Smart Pumping: Energy and More! (Part 3 – Smart Pumping: A New...

Smart Pumping: Energy and More! (Part 3 – Smart Pumping: A New Way to Address the Worldwide Water Distribution Crisis)


This article is part of a three-part series looking at the importance of Smart Pumping and the value of new technologies behind it.

Authors: Hussain Ahmed, Schneider Electric, and Jack Creamer, Schneider Electric

In addition to energy savings, asset management also comes into play, and it can account for upwards of 35% of the Total Cost of Ownership (TCO) of pumps.  Operations and maintenance costs are unavoidable due to ongoing system operation. However, numerous steps can be taken to ensure that these costs are kept to a minimum, while enhancing the integrity of the system.

Figure 1: Typical pump life-cycle cost profile – Courtesy of the Hydraulic Institute and Pump Systems Matter

Pumps are designed for optimal operation at the Best Efficiency Point (BEP), but 75% of pump systems are oversized due to factors such as provisional system growth, varying duty cycles, etc. Variable speed drives can help keep the operating point close to the BEP. Protect pumps against destructive forces and provide feedback on pump system operating issues – both locally and remotely.

There are three primary approaches that can be used to monitor and optimize pump operation:

  • Preventive maintenance – implies a systematic inspection and detection of potential failures before they occur
  • Condition based maintenance – a type of preventative maintenance that estimates and projects equipment condition over time, utilizing formulas to assess downtime risks
  • Corrective maintenance – a response to an unanticipated problem or emergency

Figure 2 – Cost curves of the different maintenance approaches – Courtesy of Penn State University/Applied Research Laboratory

Variable speed drives have the capability of measuring process variable to assess pump efficiency. When connected to the broader operating system – locally and/or remotely – they continuously monitor the health of the system and can indicated when proper maintenance is needed.

Global water shortages, the growth in urban population, environmental regulations, and process inefficiencies are all contributing to a crisis in the water / wastewater industry.  With the combination of energy consumption and operating / maintenance costs accounting for 75% of pump system TCO,  migration to new “smart pumping / intelligent pumping” approaches can help water / wastewater organizations address these challenges.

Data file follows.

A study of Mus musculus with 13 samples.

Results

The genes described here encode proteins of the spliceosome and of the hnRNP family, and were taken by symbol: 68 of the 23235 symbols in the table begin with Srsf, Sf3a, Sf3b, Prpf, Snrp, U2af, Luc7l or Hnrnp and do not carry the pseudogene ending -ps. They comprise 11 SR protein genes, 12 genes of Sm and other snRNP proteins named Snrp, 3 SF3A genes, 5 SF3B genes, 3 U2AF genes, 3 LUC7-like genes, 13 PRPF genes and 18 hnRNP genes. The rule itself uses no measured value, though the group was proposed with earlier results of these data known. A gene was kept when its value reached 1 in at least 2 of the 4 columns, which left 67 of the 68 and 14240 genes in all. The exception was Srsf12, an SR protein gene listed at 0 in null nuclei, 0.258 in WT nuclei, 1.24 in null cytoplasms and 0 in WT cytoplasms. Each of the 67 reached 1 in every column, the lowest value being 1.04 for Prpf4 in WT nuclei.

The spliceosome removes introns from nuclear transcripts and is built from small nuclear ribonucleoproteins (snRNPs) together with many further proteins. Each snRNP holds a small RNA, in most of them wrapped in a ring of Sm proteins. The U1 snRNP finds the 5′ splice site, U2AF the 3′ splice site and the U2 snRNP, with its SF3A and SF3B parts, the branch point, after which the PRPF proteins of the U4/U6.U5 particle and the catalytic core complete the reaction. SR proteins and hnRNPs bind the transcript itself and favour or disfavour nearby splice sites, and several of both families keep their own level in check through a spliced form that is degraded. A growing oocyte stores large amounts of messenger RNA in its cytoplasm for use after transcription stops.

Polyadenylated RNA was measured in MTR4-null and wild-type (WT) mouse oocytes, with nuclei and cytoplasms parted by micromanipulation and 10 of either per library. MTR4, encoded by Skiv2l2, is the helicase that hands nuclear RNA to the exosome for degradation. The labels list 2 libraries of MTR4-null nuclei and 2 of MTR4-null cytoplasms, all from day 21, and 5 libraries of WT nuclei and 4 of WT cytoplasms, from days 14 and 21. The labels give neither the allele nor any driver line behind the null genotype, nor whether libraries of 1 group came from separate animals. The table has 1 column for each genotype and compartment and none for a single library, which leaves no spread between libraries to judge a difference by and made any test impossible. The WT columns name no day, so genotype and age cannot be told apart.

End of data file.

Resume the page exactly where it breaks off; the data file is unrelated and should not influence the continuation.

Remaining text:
Conclusion

The transition to smart pumping will be a major step forward in addressing the challenges of global water / wastewater management. Both private and municipally-managed facilities can no longer afford inefficient high cost operations that require high maintenance.

In order to enable this transition the following steps should be considered:

  1. Introduce energy consumption measurement devices into the water / wastewater architecture. Data from energy meters enable improvements in energy efficiency (you can’t manage what you don’t measure) and also allows operators to perform proactive, low cost maintenance.
  2. Deploy modern controllers with high intelligence for improved security, reduced commissioning time, and better regulation compliance.
  3. Replace fixed-speed pumps with variable speed pumps (enabled by variable speed drives).
  4. Enable “smart” visibly into the network of pumping systems through the deployment of remote monitoring. This reduces both maintenance and energy costs.

READ PART 1 – Smart Pumping: A New Way to Address the Worldwide Water Distribution Crisis

READ PART 2 – Why Pumping Infrastructure Matters!

About the Authors

Hussain Ahmed is Program Manager in Schneider within the Industry Division’s OEM Segment team. Since 1994 he has focused on automation and commissioning projects, as well as global software and architecture development. Mr. Ahmed holds Bachelor’s degree in Electronic Engineering. He joined Schneider Electric in 2006 and has executed several roles including marketing, business development, and software development /commissioning.

Jack Creamer is Schneider Electric Segment Marketing Manager – Pumping Equipment, based in the United States. Mr. Creamer has more that 30 years in the Electrical Industry, and has been involved for 10 years in the Pumping Industry. He is involved in key industry organizations such as the Hydraulic Institute and Submersible Wastewater Pump Association, where he holds both Committee Chair and Board level positions. In his time in the Pump industry, he has help Schneider create numerous solutions that both enhance pumping efficiency and address issues such as maintenance and downtime.